Penalizing the Circulators

Joe Mathews
Connecting California Columnist and Editor, Zócalo Public Square, Fellow at the Center for Social Cohesion at Arizona State University and co-author of California Crackup: How Reform Broke the Golden State and How We Can Fix It (UC Press, 2010)

I’m not sure I’ve ever seen the signature gathering business in California run at such full blast.

The latest: with so much time pressure to produce so many signatures (thank you, Gov. Brown and CFT), there are huge worries about the validity of signatures. In Southern California, petition circulators told me that they are being threatened with penalties – 50 cents each deducted from what they’re paid – for even the smallest problems with signatures. (In some cases, voters will fail to fill in an address).

There is reason to worry. Gov. Brown’s measure is paying $3 a signature, a number that hasn’t gone up but may soon do. But there is little time left to gather signatures – late this month is probably as late as it can go. That means there’s temptation to cheat – both to get enough signatures and to get paid.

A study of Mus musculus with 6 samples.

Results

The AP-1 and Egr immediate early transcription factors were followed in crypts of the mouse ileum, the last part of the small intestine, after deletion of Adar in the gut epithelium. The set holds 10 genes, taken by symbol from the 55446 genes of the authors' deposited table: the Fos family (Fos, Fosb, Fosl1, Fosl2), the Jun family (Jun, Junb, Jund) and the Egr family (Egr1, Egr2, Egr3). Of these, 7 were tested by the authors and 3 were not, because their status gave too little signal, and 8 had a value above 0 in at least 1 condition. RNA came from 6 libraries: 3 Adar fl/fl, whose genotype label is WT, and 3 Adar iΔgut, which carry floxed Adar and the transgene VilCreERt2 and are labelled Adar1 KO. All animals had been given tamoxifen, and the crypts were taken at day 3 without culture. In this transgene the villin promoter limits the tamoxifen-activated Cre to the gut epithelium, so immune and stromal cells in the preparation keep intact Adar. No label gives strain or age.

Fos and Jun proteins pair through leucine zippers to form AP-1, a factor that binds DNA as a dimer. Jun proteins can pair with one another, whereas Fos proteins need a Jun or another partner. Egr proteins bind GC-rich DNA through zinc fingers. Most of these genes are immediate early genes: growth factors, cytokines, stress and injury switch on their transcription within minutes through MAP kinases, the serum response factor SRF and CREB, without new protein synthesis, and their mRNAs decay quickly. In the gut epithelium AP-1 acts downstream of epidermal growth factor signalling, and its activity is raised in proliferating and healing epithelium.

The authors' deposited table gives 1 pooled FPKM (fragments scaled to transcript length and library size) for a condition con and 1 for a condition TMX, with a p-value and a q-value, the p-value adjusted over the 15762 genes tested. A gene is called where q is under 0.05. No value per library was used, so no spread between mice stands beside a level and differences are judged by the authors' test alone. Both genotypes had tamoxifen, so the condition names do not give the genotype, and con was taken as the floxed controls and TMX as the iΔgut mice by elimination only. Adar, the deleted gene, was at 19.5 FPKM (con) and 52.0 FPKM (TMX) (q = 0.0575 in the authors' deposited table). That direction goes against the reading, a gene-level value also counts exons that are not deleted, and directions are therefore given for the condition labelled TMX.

Other campaigns are worried they may not have enough. Eight statewide petitions appear to be circulating – at least, I’ve found eight petitions on most clipboards I’ve checked on the street – in addition to local measures. But it’s far from clear if all of those measures are going to make it, given the competition and short time.

Some are responding by increasing the price; an initiative to regulate health insurance just upped its per-signature price to $1.50, circulators tell me. Others are offering incentive. Molly Munger’s initiative is having a weekly drawing for cars and cash prizes. You get one ticket in the drawing for every 100 signatures you collect.